Back in March, Uber CEO Travis Kalanick pulled no punches when discussing Seattle’s plan to cap the number of drivers that his company and others could have on the streets at any given time.
“I think the short answer is that the rules are designed to incapacitate Uber and make it unusable,” he said.
What a difference a few months make. After a 55-day negotiating process, an agreement announced this afternoon by Seattle Mayor Ed Murray will let UberX, Lyft, Sidecar and other app-based transportation services continue operating in the city — nixing the plan to put a cap on drivers.
“It’s pretty phenomenal, considering where we were just two months ago,” Brooke Steger, general manager of Uber Seattle, said via phone this afternoon.
In exchange, the ride-sharing companies — officially known as Transportation Network Companies (TNCs) — made a series of concessions, including a commitment to provide the City of Seattle with data about the rides provided through their services. They also agreed to boost the insurance coverage for their drivers during the times when they aren’t carrying a passenger.
The data disclosure is an example of a concession that Uber wasn’t entirely happy about, given the competitive nature of that information, Steger said. However, the company acquiesced after the city agreed to take steps to keep the information confidential.
Drivers from both the taxi and for-hire companies won several new rights. For example, traditional for-hire drivers will now be able to pick up customers who hail them from the street, not just those who arrange rides in advance.
“The hails on the street are a big thing for us,” said Samatar Guled, general manager of Eastside for Hire. “It’s very important.”
Though Guled noted how the industry is “not 100 percent happy.”
“It’s a tough compromise,” he said. “But it works out for us and we’re OK with it.”
The city also agreed to transition to more of a traditional medallion model that gives taxi drivers additional ownership rights. Taxi companies will also now be able to use their own smartphone apps to arrange pick-ups — something that wasn’t possible with the previous regulations.
“It gives us an opportunity to compete,” said Amin Shifow, a taxi driver for the past 18 years in Seattle.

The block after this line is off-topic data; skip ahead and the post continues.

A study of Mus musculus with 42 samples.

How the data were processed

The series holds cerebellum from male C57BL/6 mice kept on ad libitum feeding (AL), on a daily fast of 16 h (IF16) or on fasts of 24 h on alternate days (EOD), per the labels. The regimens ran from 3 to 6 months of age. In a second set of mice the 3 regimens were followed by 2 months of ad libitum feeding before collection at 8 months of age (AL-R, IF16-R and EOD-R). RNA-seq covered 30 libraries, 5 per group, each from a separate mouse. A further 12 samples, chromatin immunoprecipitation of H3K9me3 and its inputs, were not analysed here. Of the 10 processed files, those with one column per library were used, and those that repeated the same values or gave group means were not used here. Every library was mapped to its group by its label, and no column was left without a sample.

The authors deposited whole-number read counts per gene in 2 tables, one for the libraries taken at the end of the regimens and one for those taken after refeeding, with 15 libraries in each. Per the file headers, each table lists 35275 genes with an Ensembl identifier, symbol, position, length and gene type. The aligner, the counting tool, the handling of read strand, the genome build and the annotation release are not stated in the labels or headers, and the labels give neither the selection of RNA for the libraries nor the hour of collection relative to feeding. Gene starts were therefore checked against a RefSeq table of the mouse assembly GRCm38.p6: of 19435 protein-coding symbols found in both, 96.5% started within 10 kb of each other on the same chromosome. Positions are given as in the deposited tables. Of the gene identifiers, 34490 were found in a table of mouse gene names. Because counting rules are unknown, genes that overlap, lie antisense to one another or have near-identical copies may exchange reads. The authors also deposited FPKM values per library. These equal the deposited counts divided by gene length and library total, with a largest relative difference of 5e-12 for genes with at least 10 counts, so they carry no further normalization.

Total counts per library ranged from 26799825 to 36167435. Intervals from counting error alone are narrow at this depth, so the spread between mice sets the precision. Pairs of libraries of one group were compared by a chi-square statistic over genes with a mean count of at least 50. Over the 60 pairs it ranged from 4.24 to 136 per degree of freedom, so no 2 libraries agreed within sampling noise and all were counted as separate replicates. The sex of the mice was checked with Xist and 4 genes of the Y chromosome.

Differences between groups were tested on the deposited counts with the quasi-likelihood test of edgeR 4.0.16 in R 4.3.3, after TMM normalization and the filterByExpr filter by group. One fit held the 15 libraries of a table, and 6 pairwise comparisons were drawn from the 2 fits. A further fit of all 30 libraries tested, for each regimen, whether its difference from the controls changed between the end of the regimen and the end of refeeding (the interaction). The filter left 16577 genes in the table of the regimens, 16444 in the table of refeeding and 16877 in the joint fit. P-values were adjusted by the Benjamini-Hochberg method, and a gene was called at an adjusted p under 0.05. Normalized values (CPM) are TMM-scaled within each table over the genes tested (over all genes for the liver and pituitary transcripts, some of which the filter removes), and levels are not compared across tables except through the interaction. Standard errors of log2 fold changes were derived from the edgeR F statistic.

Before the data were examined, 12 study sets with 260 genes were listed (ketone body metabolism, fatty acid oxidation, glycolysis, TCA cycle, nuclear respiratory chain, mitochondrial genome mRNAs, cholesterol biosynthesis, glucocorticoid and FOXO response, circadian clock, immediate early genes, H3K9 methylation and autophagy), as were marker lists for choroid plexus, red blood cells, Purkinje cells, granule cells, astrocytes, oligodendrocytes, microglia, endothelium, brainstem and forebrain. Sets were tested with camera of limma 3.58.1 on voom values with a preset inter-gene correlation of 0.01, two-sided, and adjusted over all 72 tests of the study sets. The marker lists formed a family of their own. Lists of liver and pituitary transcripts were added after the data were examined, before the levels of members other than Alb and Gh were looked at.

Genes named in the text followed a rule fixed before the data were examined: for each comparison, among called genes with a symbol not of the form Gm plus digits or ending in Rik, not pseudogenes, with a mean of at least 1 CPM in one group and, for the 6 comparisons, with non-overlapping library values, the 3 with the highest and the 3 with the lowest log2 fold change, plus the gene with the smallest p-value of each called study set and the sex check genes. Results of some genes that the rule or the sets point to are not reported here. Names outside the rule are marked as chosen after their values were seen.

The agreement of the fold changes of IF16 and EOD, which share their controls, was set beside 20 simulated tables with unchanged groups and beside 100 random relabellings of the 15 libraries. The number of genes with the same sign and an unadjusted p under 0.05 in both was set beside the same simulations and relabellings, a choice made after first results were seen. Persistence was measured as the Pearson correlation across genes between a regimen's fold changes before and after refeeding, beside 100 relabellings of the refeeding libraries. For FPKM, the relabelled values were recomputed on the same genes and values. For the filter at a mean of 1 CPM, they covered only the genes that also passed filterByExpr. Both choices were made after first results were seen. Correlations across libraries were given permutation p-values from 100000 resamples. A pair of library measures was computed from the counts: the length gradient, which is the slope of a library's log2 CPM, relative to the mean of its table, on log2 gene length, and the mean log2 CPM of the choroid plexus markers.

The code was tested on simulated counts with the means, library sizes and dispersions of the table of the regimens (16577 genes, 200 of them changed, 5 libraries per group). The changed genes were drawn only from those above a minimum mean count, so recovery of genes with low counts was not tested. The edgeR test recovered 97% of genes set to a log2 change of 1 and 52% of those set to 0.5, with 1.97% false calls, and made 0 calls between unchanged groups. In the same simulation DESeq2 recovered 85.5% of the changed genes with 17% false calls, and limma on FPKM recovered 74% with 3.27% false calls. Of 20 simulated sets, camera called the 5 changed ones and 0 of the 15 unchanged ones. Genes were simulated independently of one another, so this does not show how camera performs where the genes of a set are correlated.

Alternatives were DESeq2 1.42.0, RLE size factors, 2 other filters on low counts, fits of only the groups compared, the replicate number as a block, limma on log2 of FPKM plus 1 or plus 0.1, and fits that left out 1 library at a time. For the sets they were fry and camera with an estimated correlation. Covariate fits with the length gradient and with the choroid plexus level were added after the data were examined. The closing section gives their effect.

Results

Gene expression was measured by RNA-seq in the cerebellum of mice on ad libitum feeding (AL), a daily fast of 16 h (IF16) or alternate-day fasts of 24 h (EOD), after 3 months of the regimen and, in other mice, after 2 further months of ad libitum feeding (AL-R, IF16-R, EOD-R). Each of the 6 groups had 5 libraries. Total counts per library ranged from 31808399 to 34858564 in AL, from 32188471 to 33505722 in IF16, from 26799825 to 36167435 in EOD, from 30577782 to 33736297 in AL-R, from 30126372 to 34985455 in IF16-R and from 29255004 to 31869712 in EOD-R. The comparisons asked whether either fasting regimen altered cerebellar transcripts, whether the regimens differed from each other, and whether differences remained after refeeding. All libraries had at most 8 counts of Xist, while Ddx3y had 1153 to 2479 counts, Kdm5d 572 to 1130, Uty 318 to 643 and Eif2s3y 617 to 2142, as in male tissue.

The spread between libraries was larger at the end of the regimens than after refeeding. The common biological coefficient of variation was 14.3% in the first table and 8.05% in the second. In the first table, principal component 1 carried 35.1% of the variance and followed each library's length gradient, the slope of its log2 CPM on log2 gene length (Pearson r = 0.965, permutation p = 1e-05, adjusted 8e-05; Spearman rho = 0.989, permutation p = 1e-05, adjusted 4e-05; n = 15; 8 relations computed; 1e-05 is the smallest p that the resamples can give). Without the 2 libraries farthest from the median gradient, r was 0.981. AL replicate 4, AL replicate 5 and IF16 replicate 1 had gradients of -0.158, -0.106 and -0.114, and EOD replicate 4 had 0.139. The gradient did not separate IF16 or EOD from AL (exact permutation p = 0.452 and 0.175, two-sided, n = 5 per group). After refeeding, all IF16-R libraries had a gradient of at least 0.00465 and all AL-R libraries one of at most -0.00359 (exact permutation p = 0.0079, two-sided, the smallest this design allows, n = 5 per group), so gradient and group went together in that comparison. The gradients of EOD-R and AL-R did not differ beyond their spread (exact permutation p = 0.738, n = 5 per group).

In addition, the City will add 10 taxi stands — places where only taxi drivers are allowed to pick up passengers — at locations like hotels and stadiums in Seattle next year. The new rules also allow taxi companies to use a cheaper version of commercial insurance.
Paul Zilly, a spokesman for Teamsters 117, which organizes taxi drivers, said that the new agreement is a positive step forward to “leveling the playing field in the industry.”
“The addition of new taxi stands will help expand and improve service to the public, and new standardized insurance requirements that include the TNCs is a positive development,” he said. “The drivers are also encouraged by the city’s willingness to transition their licenses to a property right, something they have been requesting for years. This recognizes the drivers as small business owners who have made significant investments in their businesses to serve the public.”
Guled said he was skeptical about the City Council’s original ordinance. “Let’s be realistic. The 150 cap that the city had in place was not enforceable. I called it a fake cap. Now, at least we know what we have to deal with.”
As for the process, he said, “This is a big win for Mayor Ed Murray. When he went into negotiations, no one expected an agreement. … There were a couple times when the negotiations almost broke down, but the city came up with creative solutions that worked in the end.”